New research puts a value on biotech approval delays
U.S., Brazil and Argentina soy producers have most to lose from sluggish biotech trait import approvals, new whitepaper says

A new white paper shows that a three-year postponement in global approval of biotech-enhanced soybean traits any time in the next 10 years would cost farmers and consumers a total of nearly $19 billion, compared with typical approval timelines.

Related: 5 ag stories to read now: GMOs, trade approvals and Europe

The research was released during a recent International Soybean Growers Alliance mission.

Farmer-leaders from the United States, Argentina, Brazil and Paraguay met with Chinese governmental officials and influencers to discuss the economic implications of these delays for global producers and consumers of soy.

U.S., Brazil and Argentina soy producers have most to lose from sluggish biotech trait import approvals, new whitepaper says

"It's no secret that soy is part of a global market," says Bob Haselwood, United Soybean Board chairman. "We need a coordinated effort across North America, South America and China to work toward timely international approvals for new biotech traits to grow a safe, reliable and abundant food supply that is profitable for both producers and consumers."

Large soy exporters have most to lose
Farmers in large soy-exporting countries that quickly adopt new technology – U.S., Brazil and Argentina –as well as customers in importing countries, have the most to lose from delayed approvals, according to the white paper.

As an example of important biotech approvals that farmers might need in the near future, the study examined herbicide-tolerance traits and analyzed the effects of approval delays through 2025.

Related: European Commission considers allowing EU states to ban biotech food and feed

When new biotech herbicide-tolerant varieties are not approved in a timely manner, farmers continue to incur increased weed-control costs, potential yield losses and reductions in acreage. Some farmers may see greatly increased production costs or be forced out of farming entirely.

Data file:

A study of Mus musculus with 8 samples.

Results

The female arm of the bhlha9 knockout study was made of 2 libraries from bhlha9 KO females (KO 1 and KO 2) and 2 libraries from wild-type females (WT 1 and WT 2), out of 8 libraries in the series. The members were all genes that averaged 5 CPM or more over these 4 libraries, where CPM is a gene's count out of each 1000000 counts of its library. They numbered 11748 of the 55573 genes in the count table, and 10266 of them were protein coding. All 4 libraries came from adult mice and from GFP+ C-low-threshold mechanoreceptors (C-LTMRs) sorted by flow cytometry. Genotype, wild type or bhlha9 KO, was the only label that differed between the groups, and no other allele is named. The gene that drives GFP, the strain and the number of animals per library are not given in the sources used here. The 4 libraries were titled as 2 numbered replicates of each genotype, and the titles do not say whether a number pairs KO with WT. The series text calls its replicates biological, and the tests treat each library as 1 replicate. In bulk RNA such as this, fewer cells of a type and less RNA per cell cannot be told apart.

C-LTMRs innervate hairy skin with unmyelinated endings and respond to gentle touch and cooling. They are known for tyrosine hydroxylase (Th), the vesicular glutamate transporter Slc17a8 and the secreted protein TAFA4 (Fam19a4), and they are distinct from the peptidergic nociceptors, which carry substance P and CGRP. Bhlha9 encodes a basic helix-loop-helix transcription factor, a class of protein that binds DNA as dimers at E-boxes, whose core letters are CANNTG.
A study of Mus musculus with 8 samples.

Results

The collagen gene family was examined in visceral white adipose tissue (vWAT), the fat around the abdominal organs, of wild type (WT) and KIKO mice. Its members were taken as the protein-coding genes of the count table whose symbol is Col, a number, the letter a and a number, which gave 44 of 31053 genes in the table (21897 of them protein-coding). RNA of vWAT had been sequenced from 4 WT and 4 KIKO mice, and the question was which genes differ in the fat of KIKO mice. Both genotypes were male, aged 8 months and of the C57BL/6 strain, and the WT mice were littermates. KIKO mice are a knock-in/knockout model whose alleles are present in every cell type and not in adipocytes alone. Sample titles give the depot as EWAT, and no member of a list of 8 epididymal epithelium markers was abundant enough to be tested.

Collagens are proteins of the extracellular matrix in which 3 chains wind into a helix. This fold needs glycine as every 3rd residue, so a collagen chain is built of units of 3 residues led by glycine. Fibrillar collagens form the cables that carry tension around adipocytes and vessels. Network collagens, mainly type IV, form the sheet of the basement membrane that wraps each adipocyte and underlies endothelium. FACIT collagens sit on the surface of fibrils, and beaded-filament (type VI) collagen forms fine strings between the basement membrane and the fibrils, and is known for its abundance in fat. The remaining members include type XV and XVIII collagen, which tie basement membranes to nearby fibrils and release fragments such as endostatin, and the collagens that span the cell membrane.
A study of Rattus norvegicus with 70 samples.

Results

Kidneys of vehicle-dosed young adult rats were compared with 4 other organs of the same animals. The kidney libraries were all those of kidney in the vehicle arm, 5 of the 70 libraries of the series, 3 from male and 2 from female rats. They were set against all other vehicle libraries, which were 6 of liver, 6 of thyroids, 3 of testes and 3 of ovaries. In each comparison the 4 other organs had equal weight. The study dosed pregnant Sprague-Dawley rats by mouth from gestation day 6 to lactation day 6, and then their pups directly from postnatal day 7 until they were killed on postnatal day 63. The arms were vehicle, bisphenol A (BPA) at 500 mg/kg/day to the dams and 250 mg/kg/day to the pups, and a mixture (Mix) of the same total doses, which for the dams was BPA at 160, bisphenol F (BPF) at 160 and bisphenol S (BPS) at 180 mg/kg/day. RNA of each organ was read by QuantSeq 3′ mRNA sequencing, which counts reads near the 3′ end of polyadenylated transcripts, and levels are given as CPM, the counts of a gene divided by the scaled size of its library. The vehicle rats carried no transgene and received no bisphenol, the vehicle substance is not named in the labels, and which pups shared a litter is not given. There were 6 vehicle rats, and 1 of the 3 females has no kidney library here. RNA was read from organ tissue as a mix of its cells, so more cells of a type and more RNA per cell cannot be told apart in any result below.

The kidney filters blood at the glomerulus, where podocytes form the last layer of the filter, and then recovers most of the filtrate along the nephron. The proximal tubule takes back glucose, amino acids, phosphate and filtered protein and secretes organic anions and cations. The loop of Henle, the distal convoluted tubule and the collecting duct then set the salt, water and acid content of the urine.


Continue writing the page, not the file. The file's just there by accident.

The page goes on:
At the same time, higher prices and reduced supplies strain consumers.

"Timely, science-based approvals are crucial in ensuring increased productivity to meet global supply demands," says Laura Foell, U.S. Soybean Export Council chair. "This mission provided an opportunity for the world's largest soy producers and consumers to learn that resolving approval delays will benefit everyone along the supply chain."

The white paper, The Potential Economic Impacts of Delayed Biotech Innovation in Soybeans, was developed in conjunction with ISGA members, by researchers Nicholas Kalaitzandonakes, Kenneth A. Zahringer and Jon Kruse at the University of Missouri.

Biotech traits on the front burner in EU
The whitepaper comes as the European Commission made two key announcements last week on biotech regulations.

First, the Commission proposed amending its approvals process for biotechnology traits to allow individual EU member states to opt out of the import of products containing those traits, even if the traits have been approved by the EU food safety body.

Second, the EU approved 17 agricultural biotechnology traits for import.

Following the two announcements, the American Soybean Association said it had "guarded optimism" about the decision to allow import of the 17 traits.

"On the one hand, we're happy to see these traits finally receive Commission approval after years of delay," said American Soybean Association First Vice President Richard Wilkins. "On the other hand, however, this announcement means little if the EU persists in its current unscientific and delayed approval process for new varieties developed through biotechnology."